When FOMO Takes Over
A few years back, as we observed young people seeming to become addicted to their cell phones and the social networks they provided access to, a term was coined describing this behaviour – FOMO. This stands for fear of missing out - which in this case means not being aware of something one’s online friends are au fait with and therefore being out of touch.
The term fits perfectly as a descriptor of what we sometimes see happening in the residential property market – mainly during times of rising prices. In this context, FOMO means fear of missing out on purchasing a property – perhaps because one hasn’t got finance pre-approval sorted out with a bank, or because one is not attending enough open homes and auctions, or simply not bidding high enough.
When FOMO sets in, prices can rise quickly and properties sell in a very short period of time. That seems to be the stage which housing markets have now reached around New Zealand, and we can see it explicitly in a measure I’ve developed.
Each month in the REINZ & Tony Alexander Real Estate Survey, we ask the 15,000 or so licensed real estate agents around New Zealand how they are seeing things in their particular location. Some of the key insights from the most recent survey from early-September include these.
- A net 36% of agents told us that more people are showing up at auctions. This was up from 25% in August and a net 10% in June who said fewer people were appearing in auction rooms.
- Similarly, a net 57% of agents said they are seeing more people attending Open Homes – from 45% in August and 26% in June.
- A net 81% of agents feel that prices are rising. In August this result was 59%, and in May it was -17%. That is, in May a net 17% of agents felt that prices were falling.
- Also, back in May, a net 2% said that there was no FOMO. Come August that was 57% seeing FOMO, and now a net 77% say that they can see buyers displaying a fear of missing out.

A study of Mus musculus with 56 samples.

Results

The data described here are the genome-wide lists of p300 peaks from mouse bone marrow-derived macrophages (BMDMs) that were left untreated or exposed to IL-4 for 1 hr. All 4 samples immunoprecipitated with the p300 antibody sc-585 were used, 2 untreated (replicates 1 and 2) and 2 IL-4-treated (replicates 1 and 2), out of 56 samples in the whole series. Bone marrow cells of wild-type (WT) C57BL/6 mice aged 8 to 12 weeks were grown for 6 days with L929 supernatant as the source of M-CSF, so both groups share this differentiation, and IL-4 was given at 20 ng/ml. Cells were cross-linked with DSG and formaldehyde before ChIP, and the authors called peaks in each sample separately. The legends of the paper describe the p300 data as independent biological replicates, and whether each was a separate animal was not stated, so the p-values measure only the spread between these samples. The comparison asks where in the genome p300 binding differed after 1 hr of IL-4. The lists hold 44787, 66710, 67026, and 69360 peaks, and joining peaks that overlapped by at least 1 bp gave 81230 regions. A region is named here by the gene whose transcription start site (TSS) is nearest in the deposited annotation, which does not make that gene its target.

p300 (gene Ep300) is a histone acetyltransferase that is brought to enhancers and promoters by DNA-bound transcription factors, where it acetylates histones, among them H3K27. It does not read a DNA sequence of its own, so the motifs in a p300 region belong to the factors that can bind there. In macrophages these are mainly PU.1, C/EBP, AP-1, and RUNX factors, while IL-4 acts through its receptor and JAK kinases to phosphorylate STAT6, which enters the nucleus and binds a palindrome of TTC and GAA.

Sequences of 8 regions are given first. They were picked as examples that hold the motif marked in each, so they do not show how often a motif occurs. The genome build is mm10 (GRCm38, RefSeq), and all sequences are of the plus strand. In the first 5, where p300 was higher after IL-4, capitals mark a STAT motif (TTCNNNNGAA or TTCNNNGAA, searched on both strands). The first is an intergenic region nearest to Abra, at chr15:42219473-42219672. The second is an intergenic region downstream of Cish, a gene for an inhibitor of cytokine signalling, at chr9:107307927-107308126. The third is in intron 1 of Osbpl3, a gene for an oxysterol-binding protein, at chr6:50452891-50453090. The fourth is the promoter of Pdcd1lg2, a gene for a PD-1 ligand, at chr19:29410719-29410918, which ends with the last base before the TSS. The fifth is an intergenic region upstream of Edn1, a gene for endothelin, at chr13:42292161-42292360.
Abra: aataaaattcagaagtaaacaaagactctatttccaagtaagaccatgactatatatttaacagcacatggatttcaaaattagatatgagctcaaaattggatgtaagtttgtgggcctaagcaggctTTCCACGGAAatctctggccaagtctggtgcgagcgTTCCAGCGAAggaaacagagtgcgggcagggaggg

Why is there a new scramble for property underway? Another survey I run each month covers mortgage advisors/brokers. The latest one produced comments such as this.
- “There is strong inquiry on the back of low interest rates, and lack of housing stock means clients are often missing out on deadlines, auctions etc., therefore having to pay more to be successful next time.”
- “Investors are finding that properties are more likely to be cashflow positive now, and interest-only repayments on a new purchase are less than what expected rental income will be.”
And there is the simple fact that the nationwide stock of listings at the end of August was down by some 13% from a year ago and 65% from ten years back.
The scramble for property by both investors and first home buyers is not just feeding on itself through FOMO of the buyers. Sellers also are experiencing a type of FOMO – fear of not being able to buy if they sell first, thus being caught with having to rent for a while as they look for their new property. This phenomenon is aggravating the shortage of listings.
The surveys I run show these results at the regional level and anyone interested in the detail can sign up at the link below for a weekly publication containing much of this information.
How long might this period of property scrambling last and what will be the implications? There is essentially no chance that the Reserve Bank will stem the buying drive through higher interest rates over the next couple of years. And this surge is happening in spite of knowledge that many people will not be in work over the next 1-3 years. However, there is a chance that the Reserve Bank will reimpose Loan to Value Ratio restrictions on investors come March next year. That just means an increased incentive for investors to purchase now. Thus, through summer at least, it looks like housing markets all around New Zealand will remain quite active.